A new working paper published by the National Bureau of Economic Research compares two approaches to incentivizing teacher performance and highlights the value of initiatives aimed at rewarding ability and effort.
Economists Hugh Macartney (Duke University), Robert McMillan (University of Toronto), and Uros Petronijevic (York University) examined two accountability regimes implemented in North Carolina—a 1996 statewide program followed by the state's implementation of No Child Left Behind a few years later. The state's program provided teachers with a bonus if average student scores on the state tests met the target set by the state. Then under NCLB, focus on a school's average test score was eliminated in favor of new metrics based on the number of students earning high enough scores to be considered "proficient" in math and reading.
Conceptually, NCLB cemented an important idea: that a school's success depends on the success of every individual student, rather than how a whole school might be doing "on average." In this spirit, schools were also required to show that specific student populations--including black students, Latinos, and students enrolled in special education--also made progress. But for researchers, NCLB offered another gift. Even just by chance, some teachers would be assigned more "marginal" students (who are just on the line of achieving proficiency) than others; these teachers, who would be best positioned to influence their school's proficiency rates, would experience the greatest pressure to meet NCLB benchmarks. Macartney, McMillan, and Petronijevic used the number of marginal students in a classroom as the measure of "incentive strength" a teacher experienced due to NCLB.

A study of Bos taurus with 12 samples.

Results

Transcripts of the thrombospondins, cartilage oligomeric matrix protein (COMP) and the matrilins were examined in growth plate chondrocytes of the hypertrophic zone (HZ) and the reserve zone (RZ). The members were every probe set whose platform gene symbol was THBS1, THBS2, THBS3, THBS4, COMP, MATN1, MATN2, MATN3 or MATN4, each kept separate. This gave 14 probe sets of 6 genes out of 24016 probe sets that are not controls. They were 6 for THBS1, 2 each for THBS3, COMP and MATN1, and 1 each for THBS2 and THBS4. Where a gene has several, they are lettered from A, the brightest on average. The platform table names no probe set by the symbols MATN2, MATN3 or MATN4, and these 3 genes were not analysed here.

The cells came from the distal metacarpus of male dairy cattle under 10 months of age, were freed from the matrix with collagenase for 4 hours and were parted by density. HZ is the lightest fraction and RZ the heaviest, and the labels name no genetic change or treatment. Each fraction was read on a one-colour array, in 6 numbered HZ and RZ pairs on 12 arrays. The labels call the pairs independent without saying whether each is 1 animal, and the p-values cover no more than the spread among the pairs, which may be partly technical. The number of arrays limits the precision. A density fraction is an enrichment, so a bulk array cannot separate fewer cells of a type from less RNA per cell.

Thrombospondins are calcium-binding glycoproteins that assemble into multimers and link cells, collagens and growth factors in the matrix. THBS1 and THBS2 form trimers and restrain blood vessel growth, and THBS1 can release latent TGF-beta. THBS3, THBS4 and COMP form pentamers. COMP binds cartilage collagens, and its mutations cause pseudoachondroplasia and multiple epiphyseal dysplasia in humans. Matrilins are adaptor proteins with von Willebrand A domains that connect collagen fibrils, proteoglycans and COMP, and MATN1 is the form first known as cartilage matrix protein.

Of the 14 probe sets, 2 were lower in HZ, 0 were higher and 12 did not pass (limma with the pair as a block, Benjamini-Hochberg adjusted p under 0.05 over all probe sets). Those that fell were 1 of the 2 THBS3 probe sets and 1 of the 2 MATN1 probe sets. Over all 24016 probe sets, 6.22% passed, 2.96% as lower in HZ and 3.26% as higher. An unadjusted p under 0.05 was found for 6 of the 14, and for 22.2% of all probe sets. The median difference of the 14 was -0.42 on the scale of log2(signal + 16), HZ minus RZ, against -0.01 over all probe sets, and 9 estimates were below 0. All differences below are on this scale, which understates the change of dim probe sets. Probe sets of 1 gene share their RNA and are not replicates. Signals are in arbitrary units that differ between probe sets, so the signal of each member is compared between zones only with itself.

Increasing this "incentive strength," i.e., having more marginal students in a class, did make it more likely that a teacher would achieve a higher value-added score. In other words, teachers who were under the gun from NCLB rose to the occasion to meet the needs in their classrooms. But these results, which reflect an increase in teacher effort, paled in comparison to the results achieved by teachers who are just generally highly effective. This "ability" measure, which represents the change in student learning that occurs regardless of the incentive, had three times the impact on student achievement compared to the effort measure. Incentives like NCLB can only get you so far; to improve learning, the real power still lies with hiring and supporting great teachers.